DETROIT -- Monte Clark, who coached the Detroit Lions for seven years and led them to the playoffs in 1982 and 1983, has died. He was 72.
He died Wednesday night at Henry Ford Hospital in Detroit, the team said Thursday. He had a bone marrow malignancy associated with lung and liver disease.
Clark was the offensive line coach for the Miami Dolphins team that went 17-0 in 1972. He became the Lions coach in 1978.
"Monte will always be remembered as a consummate football man," Lions president Tom Lewand said. "He knew football inside and out, and had a passion for it. He played the game at a high level and had success wherever he coached."
Under Clark, the Lions went 43-63-1 and made back-to-back postseason appearances for the first time since their three straight playoff runs from 1952 to 1954. The Lions lost both games.
Seven players were named to 14 Pro Bowls during Clark's stay in Detroit, including lineman Al "Bubba" Baker, running back Billy Sims and kicker Eddie Murray.
Clark was born in Kingsburg, Calif., and starred as an offensive lineman at Southern California before San Francisco drafted him in 1959. He spent three seasons with the 49ers and one with the Dallas Cowboys before playing for the Cleveland Browns from 1963 to 1969.
Clark served as an assistant in Miami from 1970 to 1975 before becoming head coach in San Francisco in 1976, leading the 49ers to an 8-6 record.
Don Shula, whose 26 years as coach in Miami included the perfect 1972 season, called Clark an "outstanding coach."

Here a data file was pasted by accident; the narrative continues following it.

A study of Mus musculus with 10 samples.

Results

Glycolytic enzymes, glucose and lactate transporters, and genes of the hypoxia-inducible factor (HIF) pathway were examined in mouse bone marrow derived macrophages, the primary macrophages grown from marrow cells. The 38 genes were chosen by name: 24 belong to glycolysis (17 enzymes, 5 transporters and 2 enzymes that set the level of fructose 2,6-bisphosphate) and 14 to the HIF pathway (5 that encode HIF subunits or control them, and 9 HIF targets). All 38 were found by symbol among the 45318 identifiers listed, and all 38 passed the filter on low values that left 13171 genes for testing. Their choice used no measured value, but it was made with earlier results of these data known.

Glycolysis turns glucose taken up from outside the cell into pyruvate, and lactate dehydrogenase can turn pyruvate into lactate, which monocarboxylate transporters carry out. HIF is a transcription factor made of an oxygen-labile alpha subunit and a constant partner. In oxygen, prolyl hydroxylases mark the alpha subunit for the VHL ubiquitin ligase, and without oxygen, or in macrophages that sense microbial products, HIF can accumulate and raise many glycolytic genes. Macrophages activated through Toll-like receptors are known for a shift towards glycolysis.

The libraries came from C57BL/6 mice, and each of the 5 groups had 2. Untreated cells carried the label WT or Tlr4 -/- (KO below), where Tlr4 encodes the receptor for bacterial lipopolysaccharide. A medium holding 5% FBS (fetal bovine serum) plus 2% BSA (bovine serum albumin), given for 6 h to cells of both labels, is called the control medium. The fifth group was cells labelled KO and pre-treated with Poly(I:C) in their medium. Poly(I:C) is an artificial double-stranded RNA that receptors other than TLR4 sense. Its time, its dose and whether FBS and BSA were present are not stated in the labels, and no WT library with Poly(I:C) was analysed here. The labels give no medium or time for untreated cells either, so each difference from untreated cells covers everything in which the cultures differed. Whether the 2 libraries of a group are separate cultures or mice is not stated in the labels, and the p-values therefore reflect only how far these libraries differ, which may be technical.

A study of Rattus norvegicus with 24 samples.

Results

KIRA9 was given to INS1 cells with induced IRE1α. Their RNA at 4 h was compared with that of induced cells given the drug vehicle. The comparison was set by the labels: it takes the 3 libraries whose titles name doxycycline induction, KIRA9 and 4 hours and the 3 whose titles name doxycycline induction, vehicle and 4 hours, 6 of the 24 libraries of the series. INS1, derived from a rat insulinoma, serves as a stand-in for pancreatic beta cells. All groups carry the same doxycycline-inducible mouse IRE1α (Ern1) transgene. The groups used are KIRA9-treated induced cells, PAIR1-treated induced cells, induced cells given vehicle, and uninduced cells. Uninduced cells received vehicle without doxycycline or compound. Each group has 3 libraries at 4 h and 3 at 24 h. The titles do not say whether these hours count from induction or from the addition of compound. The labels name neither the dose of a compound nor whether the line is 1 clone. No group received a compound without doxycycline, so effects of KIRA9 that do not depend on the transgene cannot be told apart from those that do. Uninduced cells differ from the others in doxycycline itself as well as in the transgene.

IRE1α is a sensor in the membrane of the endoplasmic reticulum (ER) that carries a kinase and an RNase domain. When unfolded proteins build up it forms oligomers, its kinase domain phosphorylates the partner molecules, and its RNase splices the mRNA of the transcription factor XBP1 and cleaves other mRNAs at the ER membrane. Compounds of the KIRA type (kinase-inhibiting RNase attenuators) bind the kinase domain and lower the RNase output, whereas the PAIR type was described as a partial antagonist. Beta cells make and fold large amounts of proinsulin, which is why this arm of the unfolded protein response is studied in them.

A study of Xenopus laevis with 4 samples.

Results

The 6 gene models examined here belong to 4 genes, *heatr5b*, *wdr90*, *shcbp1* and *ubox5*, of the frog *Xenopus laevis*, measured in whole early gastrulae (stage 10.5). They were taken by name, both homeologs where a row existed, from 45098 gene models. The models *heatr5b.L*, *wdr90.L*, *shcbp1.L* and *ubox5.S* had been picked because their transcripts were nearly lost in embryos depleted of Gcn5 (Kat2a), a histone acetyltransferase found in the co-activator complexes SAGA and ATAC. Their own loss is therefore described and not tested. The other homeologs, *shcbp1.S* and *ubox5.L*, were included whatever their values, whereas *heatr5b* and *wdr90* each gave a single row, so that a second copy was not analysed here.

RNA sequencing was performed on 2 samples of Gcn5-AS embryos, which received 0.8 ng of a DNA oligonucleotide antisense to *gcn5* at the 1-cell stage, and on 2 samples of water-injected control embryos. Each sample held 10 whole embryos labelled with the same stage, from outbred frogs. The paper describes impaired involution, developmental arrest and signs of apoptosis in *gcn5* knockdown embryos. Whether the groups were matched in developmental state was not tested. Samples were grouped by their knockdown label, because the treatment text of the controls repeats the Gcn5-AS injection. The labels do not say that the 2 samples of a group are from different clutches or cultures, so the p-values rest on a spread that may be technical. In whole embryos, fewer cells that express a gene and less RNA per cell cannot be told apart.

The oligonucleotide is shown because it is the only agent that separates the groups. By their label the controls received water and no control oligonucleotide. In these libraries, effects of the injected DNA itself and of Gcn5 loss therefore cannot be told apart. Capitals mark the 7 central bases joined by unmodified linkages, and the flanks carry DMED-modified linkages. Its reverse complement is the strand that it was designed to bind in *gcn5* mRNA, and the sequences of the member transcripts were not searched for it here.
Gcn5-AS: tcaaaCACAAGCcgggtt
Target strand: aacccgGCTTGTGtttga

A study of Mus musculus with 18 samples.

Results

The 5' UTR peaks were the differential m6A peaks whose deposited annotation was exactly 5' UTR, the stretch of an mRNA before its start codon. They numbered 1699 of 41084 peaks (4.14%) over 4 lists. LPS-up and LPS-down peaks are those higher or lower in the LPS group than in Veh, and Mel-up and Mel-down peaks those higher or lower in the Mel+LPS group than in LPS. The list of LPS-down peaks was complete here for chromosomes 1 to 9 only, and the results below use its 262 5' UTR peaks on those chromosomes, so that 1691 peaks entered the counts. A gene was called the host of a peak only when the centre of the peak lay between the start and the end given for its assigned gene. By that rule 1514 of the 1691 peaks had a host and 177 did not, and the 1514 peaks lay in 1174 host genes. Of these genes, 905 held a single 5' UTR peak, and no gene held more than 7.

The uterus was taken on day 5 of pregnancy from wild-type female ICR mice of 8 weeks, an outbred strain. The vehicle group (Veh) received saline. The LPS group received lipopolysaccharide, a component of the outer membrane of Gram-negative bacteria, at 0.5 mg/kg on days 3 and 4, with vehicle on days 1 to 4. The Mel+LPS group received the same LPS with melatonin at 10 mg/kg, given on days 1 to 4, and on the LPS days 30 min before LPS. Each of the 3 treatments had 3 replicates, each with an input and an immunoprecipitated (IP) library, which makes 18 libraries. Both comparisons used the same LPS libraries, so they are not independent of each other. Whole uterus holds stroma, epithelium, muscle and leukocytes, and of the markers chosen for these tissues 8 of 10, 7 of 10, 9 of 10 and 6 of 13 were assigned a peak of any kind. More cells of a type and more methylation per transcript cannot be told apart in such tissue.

"Monte was an outstanding teacher and knew how to present information to his players in a way that made it interesting and exciting for them," he said in a statement released by the Dolphins.
Clark also was on Shula's staff when Miami again won the Super Bowl in 1973. After his coaching stints in San Francisco and Detroit, Clark returned to Miami as director of pro personnel in 1990.
Clark served as offensive line coach at Stanford in 1993-94 and was Miami's offensive line coach in 1995, Shula's final season as coach of the Dolphins. He spent the 1998 season as offensive line coach at Cal-Berkeley and joined the Lions that year for the first of 11 seasons as a consultant.
After his coaching career, Clark was a football broadcaster in Detroit and color analyst for the University of Michigan. He was a sideline reporter for the Michigan State radio network in 1992.
Survivors include Clark's wife of 52 years, Charlotte, three sons and eight grandchildren.
Funeral arrangements are incomplete.